Some days I court the dark waters of panic.  Last night was a doozy.

This might crash and burn.  Back to the cubicle.

What if monetizing my site is a fool’s errand?

Sure I’ve been previously published (not paid), played with writing since teenage-hood.  Frack – what if nobody hires me??!!

I could be too old, unable to hack long days and nights on the road.

I really really really need more savings.

My god, I could end up adrift in Burma with two cents to my name!

And… begin hyperventilating.

My intentions with this site is to pump you up.  Then why am I admitting all of this?  Because I’m human.  At times I must check in with myself.

Our current world is cluttered with apps, digestible articles at 500 words or less, and time limits.  This kind of environment leads to reactive decision making.  Pressures surround us, so mindless actions follow in a snap.

The last thing I should do is proceed based on hate.  Abhorring my job or criticizing people for purchasing homes or cars is wrong.  Knee-jerk posturing is pointless and eventually harmful.

As I forge new friendships and am flummoxed that Nomadic Matt asked to be my friend on Travel Blog Exchange, I live with doubts, swim in fear.

Just when I contemplated throwing in the towel, a new reader sent me this email:

“I understand completely.  I am also older, yet keep thinking I need to get out of my job and travel.  I admire that you had the courage to do this.  The North American cube routing seems hard to give up.  Nice, safe bland life that it is.  I feel I would regret leaving it, but may regret not leaving more!  The social pressure to just stay till retirement from pension plans, family and friends is real.  Good luck on your travels.”

I’m flattered this reader calls me brave.  I wouldn’t.  I call it “hitting the wall”.  It was cumulative mind you, but one day it all added up – I could scrape and bear down as others have, incite all my magical powers, but no matter what, I can’t catch up to North American standards.  For me to try, will take years and years.  It was such a relief knowing this.  After this discovery, other aha moments came.  I probably wasn’t meant to, even more so, don’t know if I want to.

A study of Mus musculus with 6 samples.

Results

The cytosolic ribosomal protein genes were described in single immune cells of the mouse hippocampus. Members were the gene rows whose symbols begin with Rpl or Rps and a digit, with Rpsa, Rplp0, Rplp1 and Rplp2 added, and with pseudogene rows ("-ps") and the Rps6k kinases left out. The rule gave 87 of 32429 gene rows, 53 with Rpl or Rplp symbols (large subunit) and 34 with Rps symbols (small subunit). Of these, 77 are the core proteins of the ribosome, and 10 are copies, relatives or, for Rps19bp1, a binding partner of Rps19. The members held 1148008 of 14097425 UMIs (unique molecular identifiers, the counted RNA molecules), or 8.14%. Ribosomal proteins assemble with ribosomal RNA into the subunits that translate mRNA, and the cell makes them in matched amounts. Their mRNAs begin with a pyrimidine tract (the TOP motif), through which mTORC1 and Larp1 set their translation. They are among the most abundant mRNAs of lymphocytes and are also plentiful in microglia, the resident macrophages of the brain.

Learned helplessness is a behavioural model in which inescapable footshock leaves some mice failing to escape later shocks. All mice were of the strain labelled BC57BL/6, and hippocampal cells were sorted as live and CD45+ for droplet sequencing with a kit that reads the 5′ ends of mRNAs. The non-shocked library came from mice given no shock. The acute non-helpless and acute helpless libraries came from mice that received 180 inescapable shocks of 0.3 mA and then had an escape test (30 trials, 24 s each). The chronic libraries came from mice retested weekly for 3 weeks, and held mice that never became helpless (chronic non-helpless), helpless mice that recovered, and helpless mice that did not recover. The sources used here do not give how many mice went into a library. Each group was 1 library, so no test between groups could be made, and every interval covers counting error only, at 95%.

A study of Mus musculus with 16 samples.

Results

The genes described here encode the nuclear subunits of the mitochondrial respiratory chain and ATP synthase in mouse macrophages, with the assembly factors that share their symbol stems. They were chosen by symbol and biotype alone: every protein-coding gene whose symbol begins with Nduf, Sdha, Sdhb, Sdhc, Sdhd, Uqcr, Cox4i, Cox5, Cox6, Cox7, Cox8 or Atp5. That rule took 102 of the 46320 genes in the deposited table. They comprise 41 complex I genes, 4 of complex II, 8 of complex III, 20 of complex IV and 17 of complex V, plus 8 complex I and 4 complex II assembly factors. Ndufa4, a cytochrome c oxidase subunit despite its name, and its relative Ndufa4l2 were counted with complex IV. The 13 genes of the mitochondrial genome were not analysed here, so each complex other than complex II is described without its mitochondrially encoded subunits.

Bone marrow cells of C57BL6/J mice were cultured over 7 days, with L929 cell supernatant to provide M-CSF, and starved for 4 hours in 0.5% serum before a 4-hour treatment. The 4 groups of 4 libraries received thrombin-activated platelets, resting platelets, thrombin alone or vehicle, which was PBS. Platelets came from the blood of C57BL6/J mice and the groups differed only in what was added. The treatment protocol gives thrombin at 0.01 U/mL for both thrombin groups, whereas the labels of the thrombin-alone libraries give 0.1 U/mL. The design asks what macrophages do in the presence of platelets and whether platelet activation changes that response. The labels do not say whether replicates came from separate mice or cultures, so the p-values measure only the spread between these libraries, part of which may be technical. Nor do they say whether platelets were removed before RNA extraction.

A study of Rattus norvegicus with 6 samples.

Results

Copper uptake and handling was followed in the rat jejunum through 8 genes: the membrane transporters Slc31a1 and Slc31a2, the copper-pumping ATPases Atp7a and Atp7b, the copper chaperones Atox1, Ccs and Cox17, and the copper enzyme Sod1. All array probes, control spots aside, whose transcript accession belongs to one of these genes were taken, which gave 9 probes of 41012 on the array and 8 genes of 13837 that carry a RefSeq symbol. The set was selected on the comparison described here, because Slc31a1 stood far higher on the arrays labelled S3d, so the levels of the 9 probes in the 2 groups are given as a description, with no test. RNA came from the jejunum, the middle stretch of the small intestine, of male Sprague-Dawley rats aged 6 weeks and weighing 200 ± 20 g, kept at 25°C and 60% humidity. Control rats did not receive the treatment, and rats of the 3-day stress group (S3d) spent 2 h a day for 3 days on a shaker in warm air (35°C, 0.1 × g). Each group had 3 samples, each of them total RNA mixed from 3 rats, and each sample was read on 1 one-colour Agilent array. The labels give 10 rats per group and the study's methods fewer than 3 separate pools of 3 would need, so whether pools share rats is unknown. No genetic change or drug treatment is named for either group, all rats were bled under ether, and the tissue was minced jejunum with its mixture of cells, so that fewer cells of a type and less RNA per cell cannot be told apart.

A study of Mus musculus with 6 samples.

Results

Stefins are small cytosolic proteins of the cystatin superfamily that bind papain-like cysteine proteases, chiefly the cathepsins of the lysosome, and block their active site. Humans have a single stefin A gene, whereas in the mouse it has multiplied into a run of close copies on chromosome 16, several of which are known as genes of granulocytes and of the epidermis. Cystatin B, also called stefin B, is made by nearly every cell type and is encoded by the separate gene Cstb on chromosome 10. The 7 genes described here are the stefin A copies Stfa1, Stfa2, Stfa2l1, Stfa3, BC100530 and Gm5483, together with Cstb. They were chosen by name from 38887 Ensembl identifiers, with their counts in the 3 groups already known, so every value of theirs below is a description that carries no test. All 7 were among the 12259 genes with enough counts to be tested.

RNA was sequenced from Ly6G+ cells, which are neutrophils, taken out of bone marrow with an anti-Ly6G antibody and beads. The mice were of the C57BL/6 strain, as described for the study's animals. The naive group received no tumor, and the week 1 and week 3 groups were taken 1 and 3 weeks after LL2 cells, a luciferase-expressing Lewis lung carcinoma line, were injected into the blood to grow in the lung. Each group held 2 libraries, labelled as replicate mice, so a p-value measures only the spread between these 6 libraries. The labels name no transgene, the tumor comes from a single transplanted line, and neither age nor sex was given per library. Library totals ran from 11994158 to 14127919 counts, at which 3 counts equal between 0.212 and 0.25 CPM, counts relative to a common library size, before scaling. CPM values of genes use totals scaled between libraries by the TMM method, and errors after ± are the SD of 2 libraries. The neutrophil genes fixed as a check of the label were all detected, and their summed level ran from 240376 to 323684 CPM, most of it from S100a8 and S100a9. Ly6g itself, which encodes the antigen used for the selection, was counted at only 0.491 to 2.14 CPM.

Hitting the wall meant leaving regrets or the past behind.  I was able to shut that door to failures, thus opening myself up to new possibilities. 

Another thing – déjà vu – that intangible, prickly sensation lighting up your body when a stranger shakes your hand, but you’re so certain this isn’t a stranger.  You can’t help but mention, “I know you from somewhere… ”  He or she laughs nervously, responding with amusement, “No, I’m sure we’ve never met before.”  You want to grasp at it, this window into a third dimension, an essence of connection or knowing, yet it shifts and dissolves, a powdery substance choked by water in a tumbler.

Every time I write, any occasion I embark on an impulsive solo trip, pieces of that window click into place.  It’s difficult to lock into words, but I truly feel like I should be living another life.  These thoughts are not fleeting, but full blown – present 24 hours a day.

Am I scared?  You better believe it.  However, I’m ready to embrace it.  In my radio days, I interviewed a friend once, a sassy woman who took up activities like flying a plane or piano playing with apparent ease.  I asked her on-air, “Are you always confident?”

“No, absolutely not.  Anything new I try could fail.  So, I try to believe this: if something scares you, it’s probably because you’re getting close to what you want.  Maybe even what you should be doing.”

Bingo.  This is my pledge, when I freak out, don’t judge or run away.  Simply observe, then take note with respect and awareness.  What frightens me could be the very jolt I need.